Cannon Ball - North Dakota lawmakers are encouraging the thousands of Dakota Access oil pipeline protesters to respect the mandate to leave the sprawling, months-old encampment that's on federal land.
According to Standing Rock Sioux tribal leader Dave Archambault, the US Army Corps of Engineers sent him a letter that said all federal lands north of the Cannonball River will be closed to public access on December 5 for "safety concerns," including the oncoming winter and the increasingly contentious clashes between protesters and police.
The largest encampment, Oceti Sakowin, is on Corps land in southern North Dakota, a place where several hundred people fighting against the four-state, $3.8 billion pipeline have created a self-sustaining community and put up semi-permanent structures in advance of the harsh winter.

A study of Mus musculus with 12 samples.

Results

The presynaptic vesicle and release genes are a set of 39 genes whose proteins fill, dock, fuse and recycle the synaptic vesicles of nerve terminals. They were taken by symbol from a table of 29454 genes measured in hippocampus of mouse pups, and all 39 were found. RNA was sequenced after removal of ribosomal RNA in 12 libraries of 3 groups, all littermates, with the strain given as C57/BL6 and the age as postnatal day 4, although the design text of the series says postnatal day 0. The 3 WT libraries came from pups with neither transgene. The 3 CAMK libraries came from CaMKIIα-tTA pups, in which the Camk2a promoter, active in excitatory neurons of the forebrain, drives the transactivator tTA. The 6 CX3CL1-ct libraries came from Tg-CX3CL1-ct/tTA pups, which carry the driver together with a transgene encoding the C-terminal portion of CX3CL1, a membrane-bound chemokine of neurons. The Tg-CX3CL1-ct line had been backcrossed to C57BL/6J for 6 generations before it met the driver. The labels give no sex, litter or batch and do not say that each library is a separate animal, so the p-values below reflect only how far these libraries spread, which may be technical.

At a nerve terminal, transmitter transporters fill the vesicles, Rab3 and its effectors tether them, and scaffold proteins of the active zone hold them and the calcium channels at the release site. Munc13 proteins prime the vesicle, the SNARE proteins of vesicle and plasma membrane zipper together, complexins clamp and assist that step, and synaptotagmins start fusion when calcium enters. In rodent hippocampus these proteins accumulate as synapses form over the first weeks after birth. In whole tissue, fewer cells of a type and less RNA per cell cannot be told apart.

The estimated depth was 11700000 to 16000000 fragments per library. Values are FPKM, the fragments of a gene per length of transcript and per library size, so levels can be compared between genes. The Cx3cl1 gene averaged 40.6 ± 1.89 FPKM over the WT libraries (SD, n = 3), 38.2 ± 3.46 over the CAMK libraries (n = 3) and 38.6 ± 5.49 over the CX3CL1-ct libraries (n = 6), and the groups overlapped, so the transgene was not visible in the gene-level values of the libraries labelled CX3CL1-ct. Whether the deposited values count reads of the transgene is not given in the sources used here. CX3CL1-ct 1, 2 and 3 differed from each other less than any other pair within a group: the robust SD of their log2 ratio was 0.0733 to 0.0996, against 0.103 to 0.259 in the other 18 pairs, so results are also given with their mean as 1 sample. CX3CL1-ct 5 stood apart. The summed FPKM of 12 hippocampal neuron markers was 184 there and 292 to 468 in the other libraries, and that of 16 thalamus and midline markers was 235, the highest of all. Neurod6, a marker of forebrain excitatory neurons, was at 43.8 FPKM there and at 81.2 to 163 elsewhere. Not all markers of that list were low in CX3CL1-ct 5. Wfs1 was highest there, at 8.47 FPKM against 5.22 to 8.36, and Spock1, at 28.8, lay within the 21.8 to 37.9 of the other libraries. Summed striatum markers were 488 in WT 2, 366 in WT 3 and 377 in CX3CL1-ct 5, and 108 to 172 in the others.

The encampment is near the confluence of the Missouri and Cannonball rivers and more than a kilometre from a Missouri River reservoir under which the pipeline will pass. That final large segment is yet to be completed, held up while the Corps consults with the tribe, who believe the project could harm the tribe's drinking water and Native American cultural sites.
In early October, the Corps said it would not evict the encampment, which started as overflow from smaller private and permitted protest sites nearby and began growing in August, due to free speech reasons.
It isn't clear whether the protesters will move voluntarily to another site or where that site might be; the Corps says in its letter that a free speech zone will be set up south of the Cannonball River.
President Barack Obama raised the possibility of rerouting the pipeline in that area earlier this month, something Kelcy Warren, CEO of Texas-based pipeline developer Energy Transfer Partners,said that was not an option from the company's standpoint. Obama said his administration is monitoring the "challenging situation" but would "let it play out for several more weeks."